Randomly, I pick a stool – not the 3 legged one, wish I’d have that one, I’d feel more of an OG – and my laptop and head over to my backyard where I just burn bushes, listening to some African music. It’s sort of a meditation to me. I call it staying in touch with my roots, hoping to make my ancestors proud as they look from the ground beneath. There son is doing good for the motherland, keeping the culture going and paying respect to those who came before, and still live on. Africans never die, we just transition to another medium of life. So we believe, or at least want to.
This are the times I discover new music, almost certainly from relatively known artists. Matter of fact, I rarely listen to popular music, unless I have some sort of attachment to it. During this times, I discover more great music than you’d imagine. I get totally lost in this serenity where I find my true self and purpose – digging up and sharing the gems with the rest of Africa. They rarely thank me for this, but shit, I never do it for recognition. I just do it for the love of the culture. It was at one such session when I happened-upon Vypa, the Gambian sensation.
Almost a year later, he is back again with another hit. Did he ever leave really? Anyway, first, a recap. Vypa has been bubbling for a while now. He is clearly one of the most energetic MCs in Africa. And that was from the word go. For the record, he didn’t need a cosign from the legendary Fafadi to be accepted in the industry. He had been making great even before and the much welcomed approval only served to authenticate Vypa’s brand to those who might be doubting his presence.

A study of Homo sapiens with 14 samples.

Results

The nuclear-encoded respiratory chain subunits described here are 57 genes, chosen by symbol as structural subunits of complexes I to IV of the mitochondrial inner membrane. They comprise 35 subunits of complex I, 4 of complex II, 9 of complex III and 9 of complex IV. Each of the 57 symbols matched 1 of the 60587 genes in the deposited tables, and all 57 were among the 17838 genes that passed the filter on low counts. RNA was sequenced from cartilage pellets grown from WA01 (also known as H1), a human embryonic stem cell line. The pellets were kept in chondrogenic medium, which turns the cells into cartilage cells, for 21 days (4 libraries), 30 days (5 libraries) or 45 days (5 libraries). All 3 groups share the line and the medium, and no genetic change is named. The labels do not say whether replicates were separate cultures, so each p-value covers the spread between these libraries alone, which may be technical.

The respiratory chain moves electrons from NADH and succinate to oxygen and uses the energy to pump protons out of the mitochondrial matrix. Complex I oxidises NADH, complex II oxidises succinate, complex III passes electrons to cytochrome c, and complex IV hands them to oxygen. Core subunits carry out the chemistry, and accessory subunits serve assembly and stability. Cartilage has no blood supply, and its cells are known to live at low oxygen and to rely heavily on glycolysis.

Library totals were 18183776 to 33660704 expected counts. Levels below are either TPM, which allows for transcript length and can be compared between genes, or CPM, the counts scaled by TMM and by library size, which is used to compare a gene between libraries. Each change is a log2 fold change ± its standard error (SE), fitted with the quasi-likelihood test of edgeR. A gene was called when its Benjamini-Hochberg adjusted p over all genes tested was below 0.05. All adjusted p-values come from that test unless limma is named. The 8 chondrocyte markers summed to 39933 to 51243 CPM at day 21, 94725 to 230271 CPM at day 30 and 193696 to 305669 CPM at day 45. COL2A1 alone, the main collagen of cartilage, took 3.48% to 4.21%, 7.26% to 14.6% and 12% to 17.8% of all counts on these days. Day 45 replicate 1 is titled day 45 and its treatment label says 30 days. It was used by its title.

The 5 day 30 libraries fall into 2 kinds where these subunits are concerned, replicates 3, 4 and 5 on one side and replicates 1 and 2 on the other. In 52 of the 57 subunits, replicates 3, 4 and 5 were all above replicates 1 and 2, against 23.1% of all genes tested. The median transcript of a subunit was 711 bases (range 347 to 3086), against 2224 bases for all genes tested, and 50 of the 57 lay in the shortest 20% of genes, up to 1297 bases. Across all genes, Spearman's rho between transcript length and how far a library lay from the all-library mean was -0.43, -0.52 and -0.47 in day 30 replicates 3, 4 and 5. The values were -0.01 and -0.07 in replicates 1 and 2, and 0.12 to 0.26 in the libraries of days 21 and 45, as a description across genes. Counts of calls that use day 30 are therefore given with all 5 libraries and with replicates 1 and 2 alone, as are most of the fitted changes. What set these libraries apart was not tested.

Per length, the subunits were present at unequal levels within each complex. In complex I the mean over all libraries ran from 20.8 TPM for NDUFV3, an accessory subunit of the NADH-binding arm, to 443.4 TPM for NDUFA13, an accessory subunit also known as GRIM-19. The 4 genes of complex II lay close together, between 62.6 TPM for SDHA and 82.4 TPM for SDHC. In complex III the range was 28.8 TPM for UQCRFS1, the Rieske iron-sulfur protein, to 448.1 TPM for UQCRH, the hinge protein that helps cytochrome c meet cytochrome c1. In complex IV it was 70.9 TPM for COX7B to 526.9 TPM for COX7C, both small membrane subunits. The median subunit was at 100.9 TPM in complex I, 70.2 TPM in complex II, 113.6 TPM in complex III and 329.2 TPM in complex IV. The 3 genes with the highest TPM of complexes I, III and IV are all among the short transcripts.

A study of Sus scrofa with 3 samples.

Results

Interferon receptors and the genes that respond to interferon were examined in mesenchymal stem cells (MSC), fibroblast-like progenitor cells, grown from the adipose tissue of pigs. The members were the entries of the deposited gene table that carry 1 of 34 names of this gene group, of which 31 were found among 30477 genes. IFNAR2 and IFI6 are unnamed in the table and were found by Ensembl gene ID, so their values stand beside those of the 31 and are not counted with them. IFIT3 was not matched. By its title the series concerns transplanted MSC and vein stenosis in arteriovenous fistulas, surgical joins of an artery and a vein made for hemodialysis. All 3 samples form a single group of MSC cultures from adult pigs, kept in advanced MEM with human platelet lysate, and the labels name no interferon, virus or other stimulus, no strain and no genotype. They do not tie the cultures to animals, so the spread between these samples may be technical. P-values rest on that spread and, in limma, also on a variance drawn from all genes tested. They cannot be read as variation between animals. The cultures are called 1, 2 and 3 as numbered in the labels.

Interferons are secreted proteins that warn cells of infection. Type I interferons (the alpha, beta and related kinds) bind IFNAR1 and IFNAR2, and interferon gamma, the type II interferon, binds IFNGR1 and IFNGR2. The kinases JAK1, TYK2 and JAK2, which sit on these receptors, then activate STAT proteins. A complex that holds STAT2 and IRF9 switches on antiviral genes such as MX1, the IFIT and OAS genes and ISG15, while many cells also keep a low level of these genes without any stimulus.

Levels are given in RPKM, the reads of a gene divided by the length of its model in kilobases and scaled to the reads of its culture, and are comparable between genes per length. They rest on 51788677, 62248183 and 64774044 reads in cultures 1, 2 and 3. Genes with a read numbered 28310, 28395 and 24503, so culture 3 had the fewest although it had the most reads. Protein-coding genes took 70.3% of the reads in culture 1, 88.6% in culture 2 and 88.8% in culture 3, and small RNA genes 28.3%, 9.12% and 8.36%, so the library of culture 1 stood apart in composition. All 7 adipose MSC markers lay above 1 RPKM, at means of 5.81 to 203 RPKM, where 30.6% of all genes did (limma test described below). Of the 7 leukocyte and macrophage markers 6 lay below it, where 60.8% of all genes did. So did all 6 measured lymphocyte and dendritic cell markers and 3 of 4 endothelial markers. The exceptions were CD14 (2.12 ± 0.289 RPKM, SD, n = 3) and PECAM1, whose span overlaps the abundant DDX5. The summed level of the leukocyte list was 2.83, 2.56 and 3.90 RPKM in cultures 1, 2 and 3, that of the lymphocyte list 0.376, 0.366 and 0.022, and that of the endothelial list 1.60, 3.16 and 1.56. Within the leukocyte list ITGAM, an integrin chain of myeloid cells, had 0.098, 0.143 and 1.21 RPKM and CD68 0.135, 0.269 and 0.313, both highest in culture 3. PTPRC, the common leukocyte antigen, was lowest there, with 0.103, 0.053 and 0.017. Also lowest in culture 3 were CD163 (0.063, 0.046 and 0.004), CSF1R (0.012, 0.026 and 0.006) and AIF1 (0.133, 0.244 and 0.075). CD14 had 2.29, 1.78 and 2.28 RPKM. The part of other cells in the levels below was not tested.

On Amadou Vypa, he delivers another hit in what is slowly revealing to be his trademark, Urban raps on a heavily African-influenced instrumentation. The song is really a feel good music with simple lyrics and expressing bars. What makes it more vibrant is the simplicity of the lyrics. “If life is a journey then I’m on the go”, raps Vypa. The mixture of English and the local dialect makes it even more balanced for a wider audience as one is able to pick up bits of what the artist is expressing.
The video, hmmm. Now that the whole world is one small village, can we get to know the ladies on the video, please? Even their Instagram handles will suffice.
Thirst aside, the video direction is candid. The fact that it shows the artists’ movement around makes for a great viewing. No eyesores. Likewise, the seemingly casual set up gives the whole video an authentic look and feel, making it come out as less acted and more of just ‘rolling with it’. I mean, when last did you see a ‘fine African gel’ doing laundry in a bucket, outside the house? That is a typical African scenario, something we never show on our music videos. It’s simple things like this that makes a song so relate-able. Makes us believe it’s actually an African song and we are not witnessing a far-fetched dream in the making (which is not a bad thing, all dreams are valid, after all).
Add the fact that a hot Mami pulls up to the hood in a Jeep and you have the African version of that seemingly unreachable American dream. Gambia must be one hell of a beautiful place, judging by the unrestricted smiles the kids show in the video. If I was working for or part of the country’s tourism board, I’d pen a quick cheque to Vypa for portraying the wonderful scenery of the Smiling Coast. Just saying…
Major shout outs to Tejan Secka for the formidable skills on the visuals. As for the models and the entire cast, your contributions make the video entirely eye-catchy. Well done!